Building A Bulbulator

People keep asking me if I'll make them a bulbulator. Do it yourself, you lazy buggers, it's easy.

If the Class will observe the above illustration, they will note that the device in question is constructed from common or garden brass plumbing fittings, available from any hardware store. In order from the cap at the left to the nozzle at the right, the components are:

One 3/4" thread end cap, which screws into:

One 3/4" to 1" converter, which screws into:

One 1" to 1" 90 degree elbow piece, into the other end of which screws:

Another 3/4" to 1" converter, into which screws:

One 3/4" to 3/4" joiner, the other end of which is the nozzle over which one puts one's balloons.

The protrusions on the left hand collar of the elbow piece are the heads of 6-32 socket head cap screws (hex drive screws which are Better Than Phillips Head, which in turn are Better Than Slotted Head, which are Crap. Woodworkers persist in using slotted head screws, and should all therefore be executed). Three of these screws are evenly spaced around the collar to keep the bulbs centred. A bulb fits neatly into the depression in the end cap, and the three positioning screws make sure the other end of the bulb lines up with the firing pin. I went all anal and perfectionist when lining the screws up, but a piece of bent wire would do the job.

The firing pin is another 6-32 cap screw, and its head is the other protrusion, casting a shadow at the bottom. The end of the firing pin has been ground to a point, the angle of which is about 30 degrees. This sort of pin works by tightening the bulb down onto the pin, puncturing the seal, then backing off a little to let the gas out in a rush.

All of the component threads are wrapped with a few layers of thick, high quality yellow Teflon gas seal tape. This includes the nozzle threads, which are sharp enough to cut balloon necks if not covered with something. A ring of thick silicone rubber tubing has been added to the nozzle lately, and helps further.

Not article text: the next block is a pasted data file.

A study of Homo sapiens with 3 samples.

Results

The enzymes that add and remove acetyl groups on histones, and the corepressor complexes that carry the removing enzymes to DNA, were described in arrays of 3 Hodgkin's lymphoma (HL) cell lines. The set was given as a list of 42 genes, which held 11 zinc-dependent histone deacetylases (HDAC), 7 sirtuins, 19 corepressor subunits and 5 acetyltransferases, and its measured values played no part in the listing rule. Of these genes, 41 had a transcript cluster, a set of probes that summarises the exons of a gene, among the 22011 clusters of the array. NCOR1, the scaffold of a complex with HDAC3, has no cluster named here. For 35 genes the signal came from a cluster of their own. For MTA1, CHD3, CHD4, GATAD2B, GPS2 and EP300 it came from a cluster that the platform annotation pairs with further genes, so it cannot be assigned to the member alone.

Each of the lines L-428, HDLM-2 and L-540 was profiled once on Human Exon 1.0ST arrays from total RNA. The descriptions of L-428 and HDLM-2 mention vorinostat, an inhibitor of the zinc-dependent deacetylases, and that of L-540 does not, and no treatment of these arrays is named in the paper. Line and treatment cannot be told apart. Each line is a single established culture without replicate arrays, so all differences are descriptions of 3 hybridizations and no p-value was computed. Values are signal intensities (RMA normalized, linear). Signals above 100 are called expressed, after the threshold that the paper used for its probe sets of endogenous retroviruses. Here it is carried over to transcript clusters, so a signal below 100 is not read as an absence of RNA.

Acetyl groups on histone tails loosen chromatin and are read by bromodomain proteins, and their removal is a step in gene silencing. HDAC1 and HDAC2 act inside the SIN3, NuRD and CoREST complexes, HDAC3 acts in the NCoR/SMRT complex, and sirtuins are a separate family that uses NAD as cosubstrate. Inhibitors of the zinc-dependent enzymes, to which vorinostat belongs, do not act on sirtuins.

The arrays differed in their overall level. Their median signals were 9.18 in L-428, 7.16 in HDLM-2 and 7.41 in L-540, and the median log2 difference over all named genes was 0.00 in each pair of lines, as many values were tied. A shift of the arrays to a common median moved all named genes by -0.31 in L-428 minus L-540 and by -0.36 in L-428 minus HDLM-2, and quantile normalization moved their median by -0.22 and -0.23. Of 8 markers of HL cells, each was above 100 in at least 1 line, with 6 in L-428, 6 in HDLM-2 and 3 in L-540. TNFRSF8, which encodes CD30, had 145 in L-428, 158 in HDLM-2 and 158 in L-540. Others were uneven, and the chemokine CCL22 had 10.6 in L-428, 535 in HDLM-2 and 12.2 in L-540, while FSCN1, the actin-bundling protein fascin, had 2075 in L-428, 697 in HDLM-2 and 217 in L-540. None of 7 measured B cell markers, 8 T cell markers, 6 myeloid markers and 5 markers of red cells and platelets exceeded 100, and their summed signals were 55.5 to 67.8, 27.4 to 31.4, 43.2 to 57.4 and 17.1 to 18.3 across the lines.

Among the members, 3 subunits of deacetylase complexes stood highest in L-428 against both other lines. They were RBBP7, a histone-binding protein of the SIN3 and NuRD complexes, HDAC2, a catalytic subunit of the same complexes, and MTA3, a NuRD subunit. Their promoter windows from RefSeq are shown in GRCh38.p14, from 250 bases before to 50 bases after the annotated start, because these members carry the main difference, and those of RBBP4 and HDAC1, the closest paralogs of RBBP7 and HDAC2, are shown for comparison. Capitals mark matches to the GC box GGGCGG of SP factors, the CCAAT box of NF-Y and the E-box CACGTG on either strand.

The total parts cost for this gadget was about $AUD25. The only remotely challenging part of the project was getting the three locator screws evenly spaced around the collar, and drilling and tapping (cutting threads into) the four screw holes. Tapping small holes in brass is piss-easy, but not if you don't have a tap set. The only part that really needs the security of a tapped hole is the firing pin; bulb crackers MUST have a VERY FIRMLY ATTACHED firing pin, because it comes under considerable strain and bulb pressure is probably enough to fire a poorly fixed pin into your leg.

This bulbulator's chief design flaw is its total lack of insulation. After a few bulbs on a chilly day, the bulbulator starts to accumulate a layer of frost, and the head of the firing pin gets cold enough to inflict a freeze burn from the very first bulb. It's easy, with a little practice, to hold the bulbulator so that it doesn't become a part of you, but it's still not user-friendly.

A cracker made from plastic tubing would be less likely to bite you, and easier to make with the crappy tools most people have. Allow me to repeat, though - GET THE FIRING PIN RIGHT.

A bulbulator is not a knock-it-together-in-ten-minutes device, like those funny little plastic bottle water pipes one finds abandoned all over the place. But a bulbulator is a great deal easier to make than, say, a still. Ask for help from the friendly staff at the hardware store. Even if you don't really need help, it's good for a laugh.